May 27, 2008
A stroke of insight
Jill Bolte Taylor was suddenly struck by an awareness of a deep connectedness with the world, a profound spiritual realization that her body blended with the world around her, that she was a being composed of energy, connected to other beings composed of energy. “The energy of my spirit seemed to flow like a great whale gliding through a sea of silent euphoria,” she later wrote.
And this all happened because of a stroke.
Taylor was well-placed to observe the changes taking place in her brain as a blood-vessel ruptured in her left cerebral hemisphere, because she was a neuroscientist working at Harvard’s brain research center. Her first thought upon realizing that she was having a stroke was “Cool! How many brain scientists get to study a stroke from the inside?”
Taylor has written in a book, “My Stroke of Insight,” and spoken at a TED conference (see video) about her experiences.
She explains in the video how the brain is split into two hemispheres, and how each has a different personality. The right brain thinks visually and kinesthetically, and sees connections. It creates empathy and and creativity. The left brain sees details, and details about those details. It thinks in words. It creates the sense of ego and separateness.
On the morning of her stroke, Taylor’s left-brain was knocked out of action by a blood-clot the size of a golf ball. She lost the ability to speak, read, to use a telephone, or to recognize faces. At the same time she stepped into the right brain world of connectedness and empathy.
Fortunately for Taylor, her left hemisphere was not permanently destroyed, and over the course of eight years she made a complete recovery.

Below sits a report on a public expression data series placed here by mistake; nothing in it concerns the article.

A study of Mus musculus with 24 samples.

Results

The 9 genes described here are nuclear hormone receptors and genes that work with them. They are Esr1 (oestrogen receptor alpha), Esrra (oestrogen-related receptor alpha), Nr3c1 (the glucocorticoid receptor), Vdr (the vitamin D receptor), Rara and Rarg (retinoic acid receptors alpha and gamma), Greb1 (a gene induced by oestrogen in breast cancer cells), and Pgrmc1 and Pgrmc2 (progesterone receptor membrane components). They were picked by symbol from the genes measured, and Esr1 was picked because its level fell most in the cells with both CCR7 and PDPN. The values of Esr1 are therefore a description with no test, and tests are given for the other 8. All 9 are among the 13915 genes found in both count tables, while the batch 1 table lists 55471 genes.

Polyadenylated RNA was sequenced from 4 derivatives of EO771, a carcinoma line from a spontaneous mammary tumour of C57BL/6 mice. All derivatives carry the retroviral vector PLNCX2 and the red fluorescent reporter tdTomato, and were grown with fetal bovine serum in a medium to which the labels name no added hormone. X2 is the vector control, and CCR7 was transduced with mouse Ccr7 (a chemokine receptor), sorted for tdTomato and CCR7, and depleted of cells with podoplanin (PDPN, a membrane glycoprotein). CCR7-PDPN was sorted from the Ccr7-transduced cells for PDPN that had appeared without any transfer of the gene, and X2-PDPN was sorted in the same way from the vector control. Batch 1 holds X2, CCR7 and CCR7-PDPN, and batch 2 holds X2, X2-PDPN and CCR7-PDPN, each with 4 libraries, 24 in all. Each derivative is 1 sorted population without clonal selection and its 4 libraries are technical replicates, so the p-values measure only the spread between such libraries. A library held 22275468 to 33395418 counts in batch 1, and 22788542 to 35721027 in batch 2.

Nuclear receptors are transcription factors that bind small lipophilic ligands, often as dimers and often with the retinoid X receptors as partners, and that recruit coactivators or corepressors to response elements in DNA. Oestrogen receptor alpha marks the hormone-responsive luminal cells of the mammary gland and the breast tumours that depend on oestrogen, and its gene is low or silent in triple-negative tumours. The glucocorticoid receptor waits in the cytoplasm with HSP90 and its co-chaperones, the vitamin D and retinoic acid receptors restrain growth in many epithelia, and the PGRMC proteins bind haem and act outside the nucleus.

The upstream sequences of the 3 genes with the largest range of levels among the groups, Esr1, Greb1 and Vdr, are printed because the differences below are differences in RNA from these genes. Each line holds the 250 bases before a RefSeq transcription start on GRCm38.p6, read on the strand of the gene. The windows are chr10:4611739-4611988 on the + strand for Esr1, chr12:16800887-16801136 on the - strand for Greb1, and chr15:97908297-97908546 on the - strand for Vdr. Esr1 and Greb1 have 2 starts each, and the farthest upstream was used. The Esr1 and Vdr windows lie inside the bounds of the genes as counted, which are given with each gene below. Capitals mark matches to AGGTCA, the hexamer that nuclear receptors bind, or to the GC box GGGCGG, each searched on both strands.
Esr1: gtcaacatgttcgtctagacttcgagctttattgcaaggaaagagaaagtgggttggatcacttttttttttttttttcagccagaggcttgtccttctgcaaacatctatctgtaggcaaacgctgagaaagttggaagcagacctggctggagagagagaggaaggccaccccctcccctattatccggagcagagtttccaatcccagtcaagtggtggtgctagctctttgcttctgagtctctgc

Today, she says, she is a new person, one who “can step into the consciousness of my right hemisphere” on command and be “one with all that is.”
To Taylor, the experiences which she had, and which she can still have at any moment, are not mystical or supernatural, but are natural and part of the potential experience of each person.
This assessment rings true for practitioners of Buddhist meditation, who recognize that through their practice they are not exploring exotic realms or religion but are connecting with a different way of experiencing — a way of experiencing that is inherent to the mind and the brain’s capacities.
Taylor is of great interest to both meditators and scientists, although often in different ways. Meditators are excited to hear of a scientist who has shared their experiences and who can articulate in scientific terms how those experiences arise. Scientists tend to be more wary of anything that leads to “mystical” experiences, and can be suspicious that Taylor may be “losing it,” as a former colleague of hers put it.
Taylor has changed as a result of her experiences. She no longer experiments on live animals, since she now has a greater sense of empathy. And she’s keen to spread her message: “I believe that the more time we spend choosing to run the deep inner peace circuitry of our right hemispheres, the more peace we will project into the world, and the more peaceful our planet will be.”